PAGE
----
Disney+ tries to replicate the giddy anarchy of Star Wars‘ most infamous work of media, but it doesn’t cohere apart from the occasional in-joke.
The Star Wars Holiday Special is often considered the black sheep of the Star Wars universe; aired only once in 1978 and never released on home video, it was Bruce Vilanch-and-cocaine-penned attempt to graft this new school of sci-fi blockbusters into the vaudevillian variety show format of the Bruce Vilanch mold. Instead of intergalactic adventures and spirited performances, it had extended, subtitle-less Wookiee family sitcom sequences, a zonked-out Carrie Fisher, and Bea Arthur as a cantina bartender. It’s got its defenders as a good bit of campy, so-bad-its-good fun (this writer being among them), but one could hardly confuse it for Important Science Fiction Television, or a part of the canon, or part of the waking, sane world.
But as uniformly terrible as that special was, it’s at least memorable in ways that LEGO Star Wars Holiday Special (which just dropped on Disney+) will never be. It’s been 42 years to the day since that televisual fiasco graced the airwaves one and only once, and the powers that be saw this as opportunity to revive Rey, Finn, Poe Dameron and the gang for a bit of post-Rise of Skywalker fun, entertaining the kiddies while also nosing in a few cheeky references to the past for those manchildren still in the audience. Unfortunately, apart from those occasional glimmers of fun, the special’s far too patchwork to truly lift off.
The premise, like its predecessor, is thin: framed like a Rankin-Bass holiday special, but with Yoda in the Burl Ives role (right down to the clothes, by the end), we’re treated to a lightweight adventure that sees Rey and BB-8 travel to a mysterious planet with an ancient Jedi Temple that might grant her the wisdom she needs to start training Finn as a Jedi Knight. (I guess the special, like the movie, relies on us to absorb behind-the-scenes interviews that explained plot points Rise of Skywalker couldn’t be bothered to elaborate.) There, she finds a time crystal that zaps her and BB-8 through various moments in Star Wars history. Naturally, this attracts the gaze of Emperor Palpatine, who seeks it in his quest for… say it together, everyone…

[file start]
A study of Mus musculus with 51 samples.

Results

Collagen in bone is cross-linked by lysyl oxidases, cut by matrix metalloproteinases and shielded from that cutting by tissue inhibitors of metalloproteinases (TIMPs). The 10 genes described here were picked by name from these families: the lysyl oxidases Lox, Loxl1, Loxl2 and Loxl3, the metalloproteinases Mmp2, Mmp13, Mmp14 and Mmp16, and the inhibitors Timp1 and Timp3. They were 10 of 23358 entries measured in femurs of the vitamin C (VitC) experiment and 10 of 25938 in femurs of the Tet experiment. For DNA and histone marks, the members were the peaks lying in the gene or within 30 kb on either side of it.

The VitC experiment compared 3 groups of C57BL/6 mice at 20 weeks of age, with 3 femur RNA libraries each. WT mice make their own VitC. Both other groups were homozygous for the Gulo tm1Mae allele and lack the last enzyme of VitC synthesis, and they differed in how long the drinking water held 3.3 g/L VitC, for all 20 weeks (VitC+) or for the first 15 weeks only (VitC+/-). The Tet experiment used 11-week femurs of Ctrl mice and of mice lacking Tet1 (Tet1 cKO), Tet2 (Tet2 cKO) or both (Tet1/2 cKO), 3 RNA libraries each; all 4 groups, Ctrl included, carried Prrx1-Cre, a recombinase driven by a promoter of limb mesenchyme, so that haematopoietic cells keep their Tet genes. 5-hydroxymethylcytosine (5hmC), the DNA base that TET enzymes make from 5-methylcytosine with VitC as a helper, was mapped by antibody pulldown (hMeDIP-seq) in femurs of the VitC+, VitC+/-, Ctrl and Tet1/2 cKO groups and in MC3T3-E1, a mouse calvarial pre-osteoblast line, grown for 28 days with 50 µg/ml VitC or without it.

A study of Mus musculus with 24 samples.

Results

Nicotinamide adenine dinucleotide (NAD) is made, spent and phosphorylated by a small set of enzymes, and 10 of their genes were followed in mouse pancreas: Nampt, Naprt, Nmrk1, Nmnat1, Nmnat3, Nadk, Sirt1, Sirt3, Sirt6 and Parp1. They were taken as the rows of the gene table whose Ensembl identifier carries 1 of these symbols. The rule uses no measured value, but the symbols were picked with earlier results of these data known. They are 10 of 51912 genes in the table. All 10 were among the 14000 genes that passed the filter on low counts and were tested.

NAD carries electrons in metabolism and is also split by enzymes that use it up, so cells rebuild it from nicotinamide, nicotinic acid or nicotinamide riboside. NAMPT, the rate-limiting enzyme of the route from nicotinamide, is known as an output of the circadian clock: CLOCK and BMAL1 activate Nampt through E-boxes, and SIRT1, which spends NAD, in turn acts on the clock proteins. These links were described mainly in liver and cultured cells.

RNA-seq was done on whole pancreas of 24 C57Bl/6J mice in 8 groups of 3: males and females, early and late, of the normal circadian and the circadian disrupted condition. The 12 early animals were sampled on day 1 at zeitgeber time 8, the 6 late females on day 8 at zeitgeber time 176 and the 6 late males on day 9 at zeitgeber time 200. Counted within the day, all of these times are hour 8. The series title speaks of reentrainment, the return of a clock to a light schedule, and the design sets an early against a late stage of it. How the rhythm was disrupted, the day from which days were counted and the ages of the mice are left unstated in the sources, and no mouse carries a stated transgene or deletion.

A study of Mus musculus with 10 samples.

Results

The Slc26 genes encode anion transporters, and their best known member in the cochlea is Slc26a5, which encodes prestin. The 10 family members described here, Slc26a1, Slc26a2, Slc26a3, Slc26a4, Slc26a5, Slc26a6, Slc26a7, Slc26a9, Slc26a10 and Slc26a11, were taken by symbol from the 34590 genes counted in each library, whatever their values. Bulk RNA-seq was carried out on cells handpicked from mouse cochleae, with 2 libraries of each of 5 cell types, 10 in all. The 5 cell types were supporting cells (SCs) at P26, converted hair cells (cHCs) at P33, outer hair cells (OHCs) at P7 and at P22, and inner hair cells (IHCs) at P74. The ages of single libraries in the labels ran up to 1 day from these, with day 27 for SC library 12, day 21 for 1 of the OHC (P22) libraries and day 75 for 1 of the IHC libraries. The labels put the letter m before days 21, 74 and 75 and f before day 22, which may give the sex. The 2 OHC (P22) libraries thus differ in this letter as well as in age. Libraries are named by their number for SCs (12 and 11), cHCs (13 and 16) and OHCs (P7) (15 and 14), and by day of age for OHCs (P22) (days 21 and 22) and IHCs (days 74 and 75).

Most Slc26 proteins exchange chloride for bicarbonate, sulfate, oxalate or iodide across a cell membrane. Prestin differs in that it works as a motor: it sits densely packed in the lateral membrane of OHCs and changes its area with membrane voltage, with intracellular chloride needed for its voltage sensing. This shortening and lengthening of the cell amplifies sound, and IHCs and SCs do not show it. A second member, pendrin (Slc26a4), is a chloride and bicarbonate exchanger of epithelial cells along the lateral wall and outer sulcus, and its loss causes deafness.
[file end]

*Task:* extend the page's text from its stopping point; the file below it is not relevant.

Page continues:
Along her whirlwind journeys we see everything from Ewoks to Porgs, podraces to snowtroopers, and more from the prequel, original, and sequel trilogies. We even drop in on Mando and Baby Yoda, if for only a second. All of these events are pretty inconsequential, and amount to little more than the creators mashing a variety of minifigs together — but hey, it’s a LEGO special, what more do you expect?
While Rey et al. battle for control of the timeline, the B-story back on the Millennium Falcon is far more sitcommy, as Poe — officially the coolest person in the galaxy — suddenly turns into a harried housewife worrying about throwing the perfect Life Day feast. It’s all cute enough, and at least grounded in that same primetime-sitcom vibe as the original, though it can be a disappointing cut away from the main action. It doesn’t help that few of the original actors show up, most of the soundalikes coming from Clone Wars or previous LEGO Star Wars specials; they give spirited impressions, but it’s just not the same. We basically only get Billy Dee Williams as Lando for a couple of lines, ditto with Anthony Daniels as C-3PO; Kelly Marie Tran shows up as Rose, which is nice, especially since she definitely gets more to do here than she did in all of Episode IX. Still, as an excuse to bring the old gang back together, it’s more than a little lacking.
What does work, though, are the in-jokes, though they can be few and far between, even in the special’s 45-minute runtime. We get jokes about blue milk, Kylo Ren’s abs, and how boring trade disputes are; they even poke fun at the implausibility of the Emperor’s return in Rise of Skywalker (guess they read the tea leaves on how many people hated that one). It’s charming enough for a chuckle, but few of the gags really lead to anything, and any of the bits not directly calling back a specific moment in Star Wars history falls flat.
At the end of the day, LEGO Star Wars Holiday Special feels as factory-assembled as the interlocking pieces of plastic that inhabit it. Honestly, I was hoping for more riffs on the actual Holiday Special: where’s the inexplicable musical acts (bring in Billie Eilish or some Disney-approved starlet to do a song over a hologram!)? Why doesn’t Chewie’s family get more to do? Where’s the Boba Fett animated vignette? This new Holiday Special wants to cash in on the memory of the franchise’s most notorious moment, but is simultaneously terrified of it at the same time. The result is something that might keep your snot-nosed nerf herder busy for up to an hour, but won’t satisfy any but the most credulous Star Wars fan.
LEGO Star Wars Holiday Special is currently streaming on Disney+.